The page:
Tuesday, 21 March 2017

More Coaching Perspective

The man to the left is Chris Larade. Larade coaches the Saint Mary's Huskies women's hockey team in the AUS, and he won his second consecutive USports Coach of the Year Award this past weekend. Chris is an outstanding coach, but he doesn't quite have the coaching record of UConn's women's basketball coach Geno Auriemma. UConn has 109 victories in a row and counting, and that's a record that may never be touched by any other team in any other sport. I made the comment this weekend at the Female World Sports School Challenge while watching the Minnesota Revolution play Shattuck-St. Mary's about the body language of some of the players when the Revolution got down a few goals. Yesterday, Auriemma brought body language into a hole new spectrum for sports.

Watch this video of Geno Auriemma talking about the type of players he looks for when it comes to recruiting and playing time. The man has built a program that simply doesn't lose, so his philosophy on building a team is one that every coach, parent, and player should be absorbing. The amazing thing is that it applies to any team sport on this planet in my view.

There's a lot of amazing philosophy in that video, but it comes down to a couple of key phrases about not scoring enough or not getting enough minutes. I hear this at minor-hockey games a lot, and it's bothersome because there are only six spots on the ice at any one time. I also see coaches playing favorites on occasion where specific players get increased playing time simply due to skill or bloodlines. Both sides need to realize that it's a two-way street when it comes to kids in sport and work together to see the success of the team be prioritized over the stats or minutes of one player.

Auriemma mentioned benching Breanna Stewart in his speech. Stewart is an amazing basketball player, and she was the first overall pick in the 2016 WNBA Draft by the Seattle Storm. In high school, she was the National Gatorade Player of the Year, the Gatorade Female Athlete of the Year, and a McDonald's All-American. In college, she led UConn to four consecutive National Basketball Championships. She was the Final Four's most outstanding player a record four times, and was a three-time consensus national player of the year before jumping to the WNBA where she was named Rookie of the Year. So yeah, she can play a little.

Auriemma's team was led by Stewart, but his philosophies hold more water than how many points one can score. He said in the video,
"And if your body language is bad, you will never get in the game. Ever. I don't care how good you are. If somebody says, well, you know, you just benched Stewy for 35 minutes in the Memphis game a couple of years ago. Yeah, I did. That was to motivate her for the South Carolina game the following Monday? No, it wasn't. Stewy was acting like a 12-year-old. So I put her on the bench and said sit there."
Parents of minor-hockey teams would be outraged if a leading scorer was pinned to the bench for playing like an individual. Yet too often, it's this individuality that causes teams to lose games simply because coaches lean too heavily on those individual players or parents scream murder about how the coach isn't playing that player enough when it comes to winning. If we want to see sports help us develop great people, we need to start teaching good lessons early on in the lives of our children.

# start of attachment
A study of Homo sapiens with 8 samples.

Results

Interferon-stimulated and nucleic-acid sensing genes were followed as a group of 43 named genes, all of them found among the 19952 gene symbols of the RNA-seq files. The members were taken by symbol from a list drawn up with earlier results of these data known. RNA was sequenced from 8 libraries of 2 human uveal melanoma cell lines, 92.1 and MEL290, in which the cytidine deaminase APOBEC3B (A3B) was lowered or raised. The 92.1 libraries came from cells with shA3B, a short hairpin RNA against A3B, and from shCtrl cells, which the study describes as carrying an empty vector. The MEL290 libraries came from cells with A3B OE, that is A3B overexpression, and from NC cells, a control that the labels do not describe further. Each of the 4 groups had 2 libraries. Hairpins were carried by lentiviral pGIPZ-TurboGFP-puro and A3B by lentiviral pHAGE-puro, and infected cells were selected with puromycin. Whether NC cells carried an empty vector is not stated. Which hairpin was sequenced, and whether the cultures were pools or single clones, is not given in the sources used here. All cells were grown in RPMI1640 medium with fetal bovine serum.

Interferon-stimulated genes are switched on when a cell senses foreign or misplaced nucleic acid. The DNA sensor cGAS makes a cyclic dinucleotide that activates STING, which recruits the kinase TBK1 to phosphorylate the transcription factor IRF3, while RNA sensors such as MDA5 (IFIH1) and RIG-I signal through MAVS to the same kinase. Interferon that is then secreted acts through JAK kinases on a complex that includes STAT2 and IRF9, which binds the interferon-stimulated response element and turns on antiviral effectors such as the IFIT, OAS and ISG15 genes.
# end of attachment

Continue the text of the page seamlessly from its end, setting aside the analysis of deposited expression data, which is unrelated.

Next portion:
I'd wager a bet that Geno Auriemma would be successful in a number of sports that he coached with this team-first philosophy. He gets his players to buy into the attitude that if the team is successful, its players will be successful. He asks his players to show enthusiasm, excitement, and happiness for the accomplishments by her teammates, and takes note of those players who aren't contributing to the general positivity of the team. After that, it's all on the players to play the game, but their overall success is built on the same things that you and I would expect from family members: support, enthusiasm, and excitement for one another's achievement.

Sports teams are often compared to families in terms of the closeness that players exhibit. They know about each other's lives, they're involved in each other's lives, and they certainly enjoy being around one another. There's the occasional conflict, but what family doesn't have that? What Geno Auriemma has done is fostered that family-like environment into his team, and the result is that the UConn Huskies are the most successful team on the planet right now.

If your child is spending that much time under the guidance of someone else and around other people who have the same interest, wouldn't you want him or her to have the same support he or she gets at home in his sporting endeavor? Maybe it's time to change the way we look at success in sports. There will always be winners and losers in sport because that's how games are setup, but team success should be the same as family success. If everyone helps everyone else on the team, amazing things can be accomplished!

Well done, UConn and Coach Auriemma! You're changing the spectrum of sports for the better with your philosophies, and everyone will be better off for it. Let's hope that a few teams begin to put your ideas to work in their own programs!

Until next time, keep your sticks on the ice!